The company behind the only armed robots in Iraq is rolling out a new model of gun-toting machine, built from the start for combat. DANGER ROOM has exclusive pictures and footage.
But even now, safety concerns (among other reasons) have kept those machines from firing a shot in combat. But Foster-Miller is already rolling a new model of armed robot — one that’s comes with additional extra, built-in precautions, and has been designed from the beginning to fight.
MAARS (Modular Advanced Armed Robotic System) features new software controls, which allow the robot’s driver to select fire and no-fire zones. The idea is keep the robots from accidentally shooting a flesh-and-blood American. A mechanical range fan also keeps MAARS’ gun pointed away from friendly positions.
The robot is also equipped with a GPS transmitter, so it can be seen on — and tap into — the American battlefield mapping programs, just like tanks and Humvees. These "Blue Force Trackers" have been credited with dramatically reducing friendly-fire incidents during the Iraq war. MAARS comes with an extra fail-safe, which won’t allow it to fire directly at its own control unit.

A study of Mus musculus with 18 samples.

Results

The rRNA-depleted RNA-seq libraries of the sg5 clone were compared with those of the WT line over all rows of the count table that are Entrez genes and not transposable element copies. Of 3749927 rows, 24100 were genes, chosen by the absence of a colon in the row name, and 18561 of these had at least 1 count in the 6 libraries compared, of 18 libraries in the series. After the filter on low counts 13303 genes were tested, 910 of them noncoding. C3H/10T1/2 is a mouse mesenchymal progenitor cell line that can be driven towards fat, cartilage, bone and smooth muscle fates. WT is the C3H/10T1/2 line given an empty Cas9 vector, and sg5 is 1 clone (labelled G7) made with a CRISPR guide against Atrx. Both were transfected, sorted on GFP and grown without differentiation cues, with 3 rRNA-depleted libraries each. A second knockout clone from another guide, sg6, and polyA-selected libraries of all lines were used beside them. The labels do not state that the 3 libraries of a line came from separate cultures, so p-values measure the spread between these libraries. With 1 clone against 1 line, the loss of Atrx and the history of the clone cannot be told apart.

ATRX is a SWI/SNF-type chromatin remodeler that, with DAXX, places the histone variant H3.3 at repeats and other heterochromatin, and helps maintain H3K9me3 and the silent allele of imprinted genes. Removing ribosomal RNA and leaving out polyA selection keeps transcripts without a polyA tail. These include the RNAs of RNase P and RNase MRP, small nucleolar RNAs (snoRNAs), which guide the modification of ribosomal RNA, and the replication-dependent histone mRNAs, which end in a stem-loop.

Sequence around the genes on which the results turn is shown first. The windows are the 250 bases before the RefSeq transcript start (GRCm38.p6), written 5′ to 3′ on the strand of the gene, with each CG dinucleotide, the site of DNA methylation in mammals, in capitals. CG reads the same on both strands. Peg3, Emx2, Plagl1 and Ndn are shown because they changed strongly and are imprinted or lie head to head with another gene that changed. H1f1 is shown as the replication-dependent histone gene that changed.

Nor does the robot always have to carry a gun. A mechanical arm can be swapped "in a couple of minutes" for the weapon, according to MARRS program manager Charles Dean, a retired Army Lt. Colonel. Which means the robot could be used for "inspecting IEDs, opening doors, even dragging casualties."
The tracks can also be removed, and changed out for wheels; better for urban operations, perhaps. Combined with a lower center of gravity, Dean believes the MAARS will be about 50% faster than its predecessors, which rumbled over streets at 5 miles per hour.